LONDON.- Haunch of Venison
presents its first UK exhibition of Eve Sussman and her ad hoc group of collaborators known as Rufus Corporation with a cinematic installation, photographs and flat screen video works.
The exhibition centers around whiteonwhite:algorithmicnoir a film that follows the observations and surveillance of a geophysicist code writer stuck in a futuristic city. The experimental fiction runs endlessly, editing live in real time, with no beginning, middle or end, never repeating the same way twice.
Inspired by the Suprematists quests for transcendence, pure space and artistic higher ground whiteonwhite:algorithmicnoir was created on an "expedition to unravel utopian promise" with a small crew, one American actor and local actors hired en route. The fictional location is named in a nod to Alphaville City-A. The place (which often resembles 1973) is the result of the obliged, ironic marriage of the opposing political forces of the twentieth century. In actuality City-A is a conflation of many places encountered during the artists journey from mid century modernist planned living systems to the Norman Foster sci-fi baubles requisite in every future-opolis.
The protagonist of the story, Mr. Holz, is obliged to take a job in City-A, a dystopian metropolis, where everything is rendered just beyond his control. The filmmakers have also ceded a level of control to what they refer to as the serendipity machine a computer that runs custom-built software that edits the film in real time, live as you watch. Hence every viewing is different. The machine culls scenes from a server loaded with 2637 video clips, creating suspense through unexpected juxtapositions. The implied narrative is communicated through voiceovers, wire tapped telephone conversations and snippets of a job interview between Mr. Holz and his prospective employer, Mr. White. It becomes evident that the character is controlled by a city and the code he is working on, as the course of the story is controlled by the code that edits the film.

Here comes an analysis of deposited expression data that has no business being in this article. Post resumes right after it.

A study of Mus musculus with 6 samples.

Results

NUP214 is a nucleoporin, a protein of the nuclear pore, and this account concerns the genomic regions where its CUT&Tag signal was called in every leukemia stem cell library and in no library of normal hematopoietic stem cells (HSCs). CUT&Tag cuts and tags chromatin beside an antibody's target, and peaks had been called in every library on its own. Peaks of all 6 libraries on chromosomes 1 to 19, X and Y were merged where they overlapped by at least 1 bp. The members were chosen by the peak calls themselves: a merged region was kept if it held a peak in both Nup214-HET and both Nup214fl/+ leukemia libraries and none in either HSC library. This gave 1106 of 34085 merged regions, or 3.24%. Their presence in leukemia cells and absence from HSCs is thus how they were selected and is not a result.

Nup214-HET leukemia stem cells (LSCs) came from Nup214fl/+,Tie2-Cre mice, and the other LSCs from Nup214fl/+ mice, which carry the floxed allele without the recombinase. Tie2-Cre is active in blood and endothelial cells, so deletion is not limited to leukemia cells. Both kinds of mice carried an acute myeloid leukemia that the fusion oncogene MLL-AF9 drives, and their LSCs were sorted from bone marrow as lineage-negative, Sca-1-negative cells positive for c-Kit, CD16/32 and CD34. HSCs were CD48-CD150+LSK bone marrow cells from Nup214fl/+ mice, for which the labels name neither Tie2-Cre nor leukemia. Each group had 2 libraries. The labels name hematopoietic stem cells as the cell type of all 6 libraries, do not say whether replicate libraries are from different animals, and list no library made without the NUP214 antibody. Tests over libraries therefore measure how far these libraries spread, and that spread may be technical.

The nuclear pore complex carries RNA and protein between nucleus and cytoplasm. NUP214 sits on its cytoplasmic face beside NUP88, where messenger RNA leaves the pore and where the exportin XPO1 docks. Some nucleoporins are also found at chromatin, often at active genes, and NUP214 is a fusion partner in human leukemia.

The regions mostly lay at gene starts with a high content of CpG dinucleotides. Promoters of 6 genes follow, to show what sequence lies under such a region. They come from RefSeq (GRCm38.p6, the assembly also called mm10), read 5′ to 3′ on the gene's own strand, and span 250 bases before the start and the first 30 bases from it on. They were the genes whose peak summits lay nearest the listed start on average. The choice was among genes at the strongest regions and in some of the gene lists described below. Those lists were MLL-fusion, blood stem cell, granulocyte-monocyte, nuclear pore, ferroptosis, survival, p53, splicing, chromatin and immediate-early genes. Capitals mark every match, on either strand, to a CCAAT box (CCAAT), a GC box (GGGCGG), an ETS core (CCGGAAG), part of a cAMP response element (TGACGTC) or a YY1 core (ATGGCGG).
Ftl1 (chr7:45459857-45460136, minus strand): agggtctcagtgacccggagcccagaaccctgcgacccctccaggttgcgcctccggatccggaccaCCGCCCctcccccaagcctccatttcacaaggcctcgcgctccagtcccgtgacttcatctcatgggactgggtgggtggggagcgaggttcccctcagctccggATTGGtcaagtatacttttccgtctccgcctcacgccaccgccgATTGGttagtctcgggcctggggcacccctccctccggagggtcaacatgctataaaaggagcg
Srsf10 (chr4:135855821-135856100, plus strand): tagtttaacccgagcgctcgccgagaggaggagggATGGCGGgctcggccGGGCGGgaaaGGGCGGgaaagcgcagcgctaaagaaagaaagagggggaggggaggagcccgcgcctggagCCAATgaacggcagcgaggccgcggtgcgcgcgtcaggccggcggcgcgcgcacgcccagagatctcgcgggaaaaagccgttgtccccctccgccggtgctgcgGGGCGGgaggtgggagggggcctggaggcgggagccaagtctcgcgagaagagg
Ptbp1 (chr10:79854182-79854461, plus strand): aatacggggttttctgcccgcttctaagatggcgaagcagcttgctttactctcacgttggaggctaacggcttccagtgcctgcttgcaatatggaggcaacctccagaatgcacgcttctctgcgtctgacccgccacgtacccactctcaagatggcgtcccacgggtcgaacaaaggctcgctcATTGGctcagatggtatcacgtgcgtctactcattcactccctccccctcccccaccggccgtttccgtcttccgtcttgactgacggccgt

whiteonwhite:algorithmicnoir looks and feels like a movie, but it is not.
where the future throws a shadow over the landis a series of photographs shot by Simon Lee during production of whiteonwhite. These photos exemplify the idea of archival footage from the future a feeling also prevalent in the film. The images all contain a sense of time speeding by, as the impending future implied through a contradictory metaphor of darkness as the past blows out to white throws a shadow over the land.
Time speeding by is also an essential motif in the three screen video work How to tell the future from the Past, v.2, by Sussman and Angela Christlieb. Shot during a 72 hour train journey across the Central Asian steppe the video conceptualizes time with the manifestation of humanity as the constant, as daily life runs backwards and forwards simultaneously. HTTTFFTP,v.2 elevates the characteristics of humanity that transcend time, exposing us, un-empowered against it.
Have we become bourgeois without ever owning private property? is a question asked in Tarkovskys film The Mirror. Inspired by this question and taking off on the architectural obsessions in whiteonwhite a new three screen work Wintergarden, by Sussman and Lee, takes as its point of departure the pre-fabricated Khrushchyovka common in ex-soviet cities. The video shows identical balconies on concrete apartment blocks built in the 1960s, slowly morphing into each other. These open spaces, ill conceived for a hostile climate, were inevitably blocked in by each resident, creating a vernacular architecture marked with personal expression from a pre-fabrication. The perfection of the master plan is thus destroyed in a patchwork of humanity.
The photographs hung in the entrance to the exhibition, shot with Monia Lippi, were made with the actors Jeff Wood and Lera Shondra in the installation Yuris Office created by Sussman and Nicolas Locke. Based on a snapshot Sussman made in Star City in Russia, this detailed recreation of the photograph is inspired by the lock down of Yuri Gagarins real office the day of his fatal plane crash. Like the other works in the exhibition that question our understanding of past, present and future this installation and the resulting photographs take on the desire to freeze time and questions the tendency to impose a cryogenics on space, rendering a previously mundane room an spiritual place.